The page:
If you have a pet in your home, you likely talk to them on a regular basis. It’s not that we necessarily expect our pets to answer us, we just want a listening ear.
As it turns out, some pets may recognize what we are saying more than most of us realize.
In the Journal Scientific Reports, a study was published after a group of dogs was tested to determine if they could understand the names associated with certain toys.
They wanted to see if a lot of training could influence the dogs and help them learn more if the training took place at a young age. They also wanted to see if dogs could be taught to associate words with objects, even if they were older.
In total, 40 dogs were used for this study, and all of them were tested at home. They also were tested in Budapest, at the Department of Ethology, Eötvös Loránd University. The study itself was known as the Family Dog Project.
One of the researchers taking the lead in the project, Dr. Claudia Fugazza had the following to say, according to IFL Science: “At first, we hypothesized that developmental factors, such as neuroplasticity during puppyhood, would have played a role in making puppies learn object names at a faster rate, compared to adult dogs. Thus, we recruited for this study puppies and adults.”
She went on to say that they were surprised that most dogs didn’t show evidence of learning, regardless of their age. Seven of the adult dogs did show evidence that they had a large capacity for learning, as they were able to learn up to 37 toy names during the study.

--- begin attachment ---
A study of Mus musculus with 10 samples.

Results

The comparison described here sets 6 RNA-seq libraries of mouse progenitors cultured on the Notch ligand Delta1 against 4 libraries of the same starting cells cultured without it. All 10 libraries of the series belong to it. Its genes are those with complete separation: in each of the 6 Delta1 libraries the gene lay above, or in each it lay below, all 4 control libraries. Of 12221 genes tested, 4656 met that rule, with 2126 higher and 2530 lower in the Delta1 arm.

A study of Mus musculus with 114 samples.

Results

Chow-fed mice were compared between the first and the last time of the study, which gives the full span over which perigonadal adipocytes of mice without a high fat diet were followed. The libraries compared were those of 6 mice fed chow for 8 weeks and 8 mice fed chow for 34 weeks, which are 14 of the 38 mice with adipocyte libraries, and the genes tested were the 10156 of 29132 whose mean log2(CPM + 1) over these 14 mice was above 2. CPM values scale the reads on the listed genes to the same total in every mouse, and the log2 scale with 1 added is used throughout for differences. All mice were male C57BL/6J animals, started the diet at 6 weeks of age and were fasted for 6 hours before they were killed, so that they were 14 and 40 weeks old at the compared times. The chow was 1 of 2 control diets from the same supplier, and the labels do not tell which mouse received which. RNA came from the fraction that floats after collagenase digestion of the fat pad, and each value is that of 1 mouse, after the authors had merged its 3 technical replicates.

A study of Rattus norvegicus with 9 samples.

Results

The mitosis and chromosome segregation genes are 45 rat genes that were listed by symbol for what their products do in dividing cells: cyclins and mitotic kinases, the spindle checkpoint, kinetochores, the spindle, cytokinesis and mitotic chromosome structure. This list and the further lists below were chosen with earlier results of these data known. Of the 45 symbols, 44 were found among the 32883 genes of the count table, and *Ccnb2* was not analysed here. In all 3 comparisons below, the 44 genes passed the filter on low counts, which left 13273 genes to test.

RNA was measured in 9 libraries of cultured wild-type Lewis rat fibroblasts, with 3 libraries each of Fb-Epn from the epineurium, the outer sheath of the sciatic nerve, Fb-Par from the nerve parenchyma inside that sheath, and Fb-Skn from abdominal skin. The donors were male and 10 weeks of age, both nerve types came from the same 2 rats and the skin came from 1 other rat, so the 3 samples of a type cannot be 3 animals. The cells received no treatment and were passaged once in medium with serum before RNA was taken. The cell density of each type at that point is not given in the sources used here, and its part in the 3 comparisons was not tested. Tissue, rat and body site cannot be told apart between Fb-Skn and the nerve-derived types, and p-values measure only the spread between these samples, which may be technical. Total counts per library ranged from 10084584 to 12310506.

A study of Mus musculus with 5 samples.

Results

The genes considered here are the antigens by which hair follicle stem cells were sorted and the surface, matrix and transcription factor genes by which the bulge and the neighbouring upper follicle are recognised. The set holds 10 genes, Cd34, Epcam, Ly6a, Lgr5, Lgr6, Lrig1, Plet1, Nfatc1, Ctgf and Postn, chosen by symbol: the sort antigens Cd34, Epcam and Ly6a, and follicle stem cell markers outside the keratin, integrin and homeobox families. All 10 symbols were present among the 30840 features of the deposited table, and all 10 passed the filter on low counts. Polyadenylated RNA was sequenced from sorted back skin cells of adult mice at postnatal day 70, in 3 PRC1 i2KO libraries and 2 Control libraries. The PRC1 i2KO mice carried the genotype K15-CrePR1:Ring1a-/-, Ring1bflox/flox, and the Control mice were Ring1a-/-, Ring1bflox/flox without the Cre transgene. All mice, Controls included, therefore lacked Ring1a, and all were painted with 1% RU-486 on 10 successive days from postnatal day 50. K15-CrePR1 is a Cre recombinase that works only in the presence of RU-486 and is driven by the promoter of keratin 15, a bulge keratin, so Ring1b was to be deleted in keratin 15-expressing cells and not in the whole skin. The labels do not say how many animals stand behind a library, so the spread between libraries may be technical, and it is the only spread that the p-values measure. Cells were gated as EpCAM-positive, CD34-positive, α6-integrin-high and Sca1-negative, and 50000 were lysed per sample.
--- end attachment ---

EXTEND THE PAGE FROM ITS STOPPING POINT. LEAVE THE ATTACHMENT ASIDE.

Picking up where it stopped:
One of those seven dogs that showed exceptional learning, Olivia, was never involved with learning object names prior to the study. The rest of them had a basic vocabulary of objects prior to the study taking place. In only two months, Olivia was able to learn 21 words, helping her to catch up with the rest. This helped researchers to see that prior experience with this type of training was not necessary if the dogs were exceptionally talented.
You might find it interesting that all of the exceptional learners were border collies, although there were 18 border collies that also did not show the same talent. In other words, the breed didn’t really make a difference.
The head of the Department of Ethology and co-author of the study, Dr. Adam Miklósi said: “We are intrigued by this extreme inter-individual variation in a cognitive trait (the capacity to learn object labels) and we think that this is just the beginning of a journey that will lead us to better understand the roots of talent.”